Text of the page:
Although some shows had started yesterday, the Fringe does not officially begin until tomorrow. At C Aquila, where I have come to see Spanner in the Works’ new show “Diablo,” I feel like I have misread various signals and arrived at the party way too early. They are still training the guy who is selling the tickets, and there are only three of us in the audience. Maybe things will have picked up by tomorrow.

Spanner in the Works is an “all-female led” theatre company from Northern Ireland and “Diablo” has been written by its artistic director Patricia Downey. Since this is the first Tychy@ the Fringe review of 2013, I am enjoying being back at the theatre too much to summon up my characteristic petulance. In this rather stupid condition I find “Diablo” to be, in a technical sense, quite shrewd at times; and it has the eye for detail needed in a “contemporary” drama. The actors look good and they know what they are doing.

Yet this play is damned by its politics. “Diablo” is aesthetically successful, but not in the way that it thinks. Its chief virtue is its racism – not the sort of racism from the empty accusations which are thrown about in the media these days like paper pellets, but the rich dark racism of older generations. Ah yes, I have put my finger on it. HP Lovecraft and his “Horror at Red Hook” (1927):

It would not be the first time his sensations had been forced to bide uninterpreted—for was not his very act of plunging into the polyglot abyss of New York’s underworld a freak beyond sensible explanation? What could he tell the prosaic of the antique witcheries and grotesque marvels discernible to sensitive eyes amidst the poison cauldron where all the varied dregs of unwholesome ages mix their venom and perpetuate their obscene terrors?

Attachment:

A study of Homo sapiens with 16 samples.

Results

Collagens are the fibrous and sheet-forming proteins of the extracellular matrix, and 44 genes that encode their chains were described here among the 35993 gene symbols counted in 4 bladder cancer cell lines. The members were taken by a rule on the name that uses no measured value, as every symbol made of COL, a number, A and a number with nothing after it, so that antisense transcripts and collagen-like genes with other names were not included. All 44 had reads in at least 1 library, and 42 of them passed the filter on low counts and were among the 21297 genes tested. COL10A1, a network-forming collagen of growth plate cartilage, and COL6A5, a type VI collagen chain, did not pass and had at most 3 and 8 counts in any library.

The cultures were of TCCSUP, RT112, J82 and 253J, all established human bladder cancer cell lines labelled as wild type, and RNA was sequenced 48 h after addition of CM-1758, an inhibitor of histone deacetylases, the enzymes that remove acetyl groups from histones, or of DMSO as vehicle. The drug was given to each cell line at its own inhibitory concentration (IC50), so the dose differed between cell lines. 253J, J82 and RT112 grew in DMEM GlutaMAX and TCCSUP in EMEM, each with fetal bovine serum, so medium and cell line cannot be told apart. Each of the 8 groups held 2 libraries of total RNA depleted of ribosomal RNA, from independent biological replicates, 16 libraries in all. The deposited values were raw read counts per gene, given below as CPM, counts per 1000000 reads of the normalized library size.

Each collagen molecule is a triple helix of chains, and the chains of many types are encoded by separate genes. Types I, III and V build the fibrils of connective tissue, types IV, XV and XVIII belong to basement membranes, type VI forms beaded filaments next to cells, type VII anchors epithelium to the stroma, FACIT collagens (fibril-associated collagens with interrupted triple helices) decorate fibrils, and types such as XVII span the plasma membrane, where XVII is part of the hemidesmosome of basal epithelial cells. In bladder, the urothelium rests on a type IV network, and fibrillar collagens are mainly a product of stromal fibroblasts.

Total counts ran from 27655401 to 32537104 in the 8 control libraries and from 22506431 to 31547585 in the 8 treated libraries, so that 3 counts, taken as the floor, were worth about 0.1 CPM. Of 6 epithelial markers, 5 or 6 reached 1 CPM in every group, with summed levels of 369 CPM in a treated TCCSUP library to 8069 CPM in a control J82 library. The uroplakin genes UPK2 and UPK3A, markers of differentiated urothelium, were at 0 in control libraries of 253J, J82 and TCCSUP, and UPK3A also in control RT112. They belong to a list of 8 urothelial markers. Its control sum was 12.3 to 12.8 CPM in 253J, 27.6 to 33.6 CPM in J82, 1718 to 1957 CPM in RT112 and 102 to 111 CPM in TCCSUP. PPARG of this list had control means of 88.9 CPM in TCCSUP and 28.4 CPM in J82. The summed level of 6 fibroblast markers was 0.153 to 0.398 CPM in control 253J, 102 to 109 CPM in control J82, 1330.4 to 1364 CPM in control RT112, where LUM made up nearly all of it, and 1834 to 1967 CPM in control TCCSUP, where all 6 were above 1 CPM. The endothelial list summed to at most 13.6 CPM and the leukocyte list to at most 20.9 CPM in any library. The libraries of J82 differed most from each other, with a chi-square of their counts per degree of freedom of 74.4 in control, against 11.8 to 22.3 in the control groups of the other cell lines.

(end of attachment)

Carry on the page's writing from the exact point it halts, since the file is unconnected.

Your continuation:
Like “The Horror at Red Hook,” “Diablo” describes gangs of foreign kidnappers, but anything explicitly supernatural has been dispensed with this time. We meet four hapless characters who have fallen into the hands of the bumptious, diabolical Reuben (Neil Keery): a Spanish drug-dealer, whoremonger, illegal organ seller (seriously!) and general trafficker extraordinaire. As he prances from defiling a kidnapped Ukrainian maiden to selling one of his housemaid’s kidneys on the black market, we could be scarcely more surprised if Reuben stepped out of his boots to reveal a pair of cloven hooves. Yet he is only actually the instrument of faraway “Russians,” who export crime and vice to Northern Ireland via their sinister international network.

This is scary stuff, but you’ll be relieved to learn that it’s also absolute bollocks. As the Guardian reported in 2009, the UK’s biggest ever police investigation into “sex trafficking,” Operation Pentameter Two, arrested hundreds of people and managed to find precisely zero instances of anybody being forced into sex against their will. Campaigns against “human trafficking” bear an increasingly discernible resemblance to the “Satanic Panic” of the early 1990s, in which social workers seized people’s children on the basis of unsubstantiated claims about “ritualised satanic child abuse.” It is unfortunate, in this respect, that Downey has named her play “Diablo,” which means “Devil” in Reuben’s native Spanish.

It is doubly unfortunate that the scenes in which Downey’s characters try to conspire against Reuben, and inevitably fail, have the suspense of a well-told horror story. Downey should abandon her racist daydream about a bestial “foreign” underworld; her apparent belief that Eastern European workers will be much happier if they are deported back “home” to be with their families; and the grossly offensive notion, uttered by her character Alana (Julie Maxwell), that the paramilitaries from Northern Ireland’s murderous civil war look like “pussy cats” when compared to her pantomime traffickers. With all of the scaremongering politics sucked out of it, Diablo might become more innocently devilish.